Multiple spool compression efficiency gain

(OP)
I am a student an I am new to this forum but I am very interested in turbomachinery. This thread has more to do with the aerospace side of things but the same principles apply. With lubrication and other complexities aside, would a fully independent 5 stage axial compressor (by independent I mean each compressor disc has its own corresponding power source Eg. turbine) designed to drive each stage at an optimal frequency. The reason I ask this is because the Rolls royce Trent 1000 aircraft engine has 2 compression spools, a IP (intermediate pressure) and HP (high pressure) spool for IP and HP compressors respectively. The IP compressor has 8 stages and the HP compressor has 6 stages and they are contra-rotating which improves efficiency. So if you could have each stage completely independent from all the others and each stage contra-rotating compressor stages, would you even need stator vanes and would there be an efficiency increase over a single spool compressor with the same number of stages all variables held constant?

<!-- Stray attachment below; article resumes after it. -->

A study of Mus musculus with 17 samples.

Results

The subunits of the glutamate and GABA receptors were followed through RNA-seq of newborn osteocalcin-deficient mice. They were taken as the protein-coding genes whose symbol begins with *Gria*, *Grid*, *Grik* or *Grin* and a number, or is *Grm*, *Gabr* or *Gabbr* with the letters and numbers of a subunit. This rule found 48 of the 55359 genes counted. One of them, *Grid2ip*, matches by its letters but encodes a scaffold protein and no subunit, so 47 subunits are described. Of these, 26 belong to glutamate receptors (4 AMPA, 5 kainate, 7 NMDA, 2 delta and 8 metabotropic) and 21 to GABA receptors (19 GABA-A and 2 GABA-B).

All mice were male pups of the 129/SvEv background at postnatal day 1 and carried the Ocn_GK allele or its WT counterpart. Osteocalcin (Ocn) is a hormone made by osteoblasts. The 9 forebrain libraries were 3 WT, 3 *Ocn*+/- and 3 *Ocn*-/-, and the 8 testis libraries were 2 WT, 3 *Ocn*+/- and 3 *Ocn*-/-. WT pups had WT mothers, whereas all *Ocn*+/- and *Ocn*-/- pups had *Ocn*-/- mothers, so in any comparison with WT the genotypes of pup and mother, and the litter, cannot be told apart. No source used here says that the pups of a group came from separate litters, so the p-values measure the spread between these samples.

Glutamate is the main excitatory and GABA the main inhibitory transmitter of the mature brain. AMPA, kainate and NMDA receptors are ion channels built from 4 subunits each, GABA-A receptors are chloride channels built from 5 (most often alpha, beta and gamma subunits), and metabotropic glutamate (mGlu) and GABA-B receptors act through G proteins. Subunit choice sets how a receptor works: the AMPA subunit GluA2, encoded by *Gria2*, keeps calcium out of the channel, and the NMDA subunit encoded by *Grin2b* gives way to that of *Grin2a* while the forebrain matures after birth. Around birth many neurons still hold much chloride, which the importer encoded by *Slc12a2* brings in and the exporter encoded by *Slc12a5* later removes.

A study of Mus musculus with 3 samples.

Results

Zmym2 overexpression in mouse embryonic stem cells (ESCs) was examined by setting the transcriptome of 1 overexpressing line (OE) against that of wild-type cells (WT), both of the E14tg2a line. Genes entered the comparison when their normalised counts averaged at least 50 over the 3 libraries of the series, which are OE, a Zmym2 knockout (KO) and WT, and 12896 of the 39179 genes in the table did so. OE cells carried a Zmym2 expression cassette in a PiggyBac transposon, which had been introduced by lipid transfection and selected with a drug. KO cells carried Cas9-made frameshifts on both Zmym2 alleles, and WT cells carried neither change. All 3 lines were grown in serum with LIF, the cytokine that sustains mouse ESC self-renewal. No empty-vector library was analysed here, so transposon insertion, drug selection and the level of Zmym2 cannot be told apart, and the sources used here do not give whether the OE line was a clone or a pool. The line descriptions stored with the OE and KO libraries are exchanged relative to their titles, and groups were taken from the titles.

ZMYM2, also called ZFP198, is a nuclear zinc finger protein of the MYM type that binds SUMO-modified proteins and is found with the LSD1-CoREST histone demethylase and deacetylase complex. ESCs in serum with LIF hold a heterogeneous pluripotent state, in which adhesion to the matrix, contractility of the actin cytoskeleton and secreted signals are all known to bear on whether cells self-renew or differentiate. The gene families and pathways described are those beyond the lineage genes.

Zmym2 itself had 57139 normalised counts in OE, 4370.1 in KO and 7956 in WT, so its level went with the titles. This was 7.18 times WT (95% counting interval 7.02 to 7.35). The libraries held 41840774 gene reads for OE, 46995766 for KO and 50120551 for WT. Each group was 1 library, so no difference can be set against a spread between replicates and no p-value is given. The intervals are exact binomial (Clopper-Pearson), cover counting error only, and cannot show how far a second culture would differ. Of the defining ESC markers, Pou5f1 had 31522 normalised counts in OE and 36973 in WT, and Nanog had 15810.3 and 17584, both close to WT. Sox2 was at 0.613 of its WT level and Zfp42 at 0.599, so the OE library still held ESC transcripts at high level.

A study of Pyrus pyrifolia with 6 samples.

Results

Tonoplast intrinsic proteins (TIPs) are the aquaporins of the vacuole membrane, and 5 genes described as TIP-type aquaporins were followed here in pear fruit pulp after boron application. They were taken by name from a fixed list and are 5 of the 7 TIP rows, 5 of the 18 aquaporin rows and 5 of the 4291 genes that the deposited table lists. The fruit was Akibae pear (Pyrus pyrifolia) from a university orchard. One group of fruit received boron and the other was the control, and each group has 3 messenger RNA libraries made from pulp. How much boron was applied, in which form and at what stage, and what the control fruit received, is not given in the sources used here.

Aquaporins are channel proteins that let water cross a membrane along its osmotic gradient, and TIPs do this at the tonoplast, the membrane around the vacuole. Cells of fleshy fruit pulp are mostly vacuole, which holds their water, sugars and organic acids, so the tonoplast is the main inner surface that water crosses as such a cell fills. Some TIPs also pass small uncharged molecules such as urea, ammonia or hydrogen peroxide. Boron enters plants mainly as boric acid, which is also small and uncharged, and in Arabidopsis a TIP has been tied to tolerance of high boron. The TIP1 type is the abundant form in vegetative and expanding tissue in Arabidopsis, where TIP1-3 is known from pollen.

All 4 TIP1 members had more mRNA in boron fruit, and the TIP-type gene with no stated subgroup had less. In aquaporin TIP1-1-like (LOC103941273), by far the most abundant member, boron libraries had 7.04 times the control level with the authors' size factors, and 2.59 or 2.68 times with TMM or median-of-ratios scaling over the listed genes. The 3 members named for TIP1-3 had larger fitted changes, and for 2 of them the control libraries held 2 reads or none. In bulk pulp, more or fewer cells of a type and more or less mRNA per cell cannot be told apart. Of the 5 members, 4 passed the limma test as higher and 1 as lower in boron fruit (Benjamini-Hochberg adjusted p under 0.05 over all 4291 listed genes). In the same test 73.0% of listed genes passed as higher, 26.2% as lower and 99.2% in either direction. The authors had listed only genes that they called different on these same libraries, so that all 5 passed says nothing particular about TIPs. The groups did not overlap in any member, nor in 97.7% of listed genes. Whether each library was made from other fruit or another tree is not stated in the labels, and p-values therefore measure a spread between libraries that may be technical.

RE: Multiple spool compression efficiency gain

Levi,
Are you quite certain that contra-rotation improves efficiency? It does balance forces on an airframe which is always useful, but I'm having trouble finding any term in the efficiency calculation that would be impacted by rotation angle.

Putting each stage in its own frame would be the opposite of improving thermodynamic efficiency of an axial compressor since each stand-alone machine has its own parasitic loads (oil pumps, etc.) that do not increase in a linear manner when you increase load.

I do not know if this post will be here for long since site management does not allow student posts. I responded because your question felt more like something you wanted to know rather than homework. I'm sure someone will see it differently and ask management to delete the thread. We can talk as long as the thread lasts.

David Simpson, PE
MuleShoe Engineering

In questions of science, the authority of a thousand is not worth the humble reasoning of a single individual. Galileo Galilei, Italian Physicist

I found this

RE: Multiple spool compression efficiency gain

Theoretically, yes, but you'd be increasing mechanical complexity and CAPEX considerably-there are many other routes taken by turbine manufacturers to increase themodynamic eff in these turbines at a lower incremental CAPEX - use of higher metallurgy or composite materials to permit higher temperatures on the upstream set of HP power turbine blades; blade cooling; reheat; intercooling on the axial compression side etc. In some of these larger machines ( >500MW or so by from ABB, Siemens etc), such approaches result in overall net thermodynamic ISO eff approaching 40-45% in a turbine without cogen, which was unheard of not many years ago.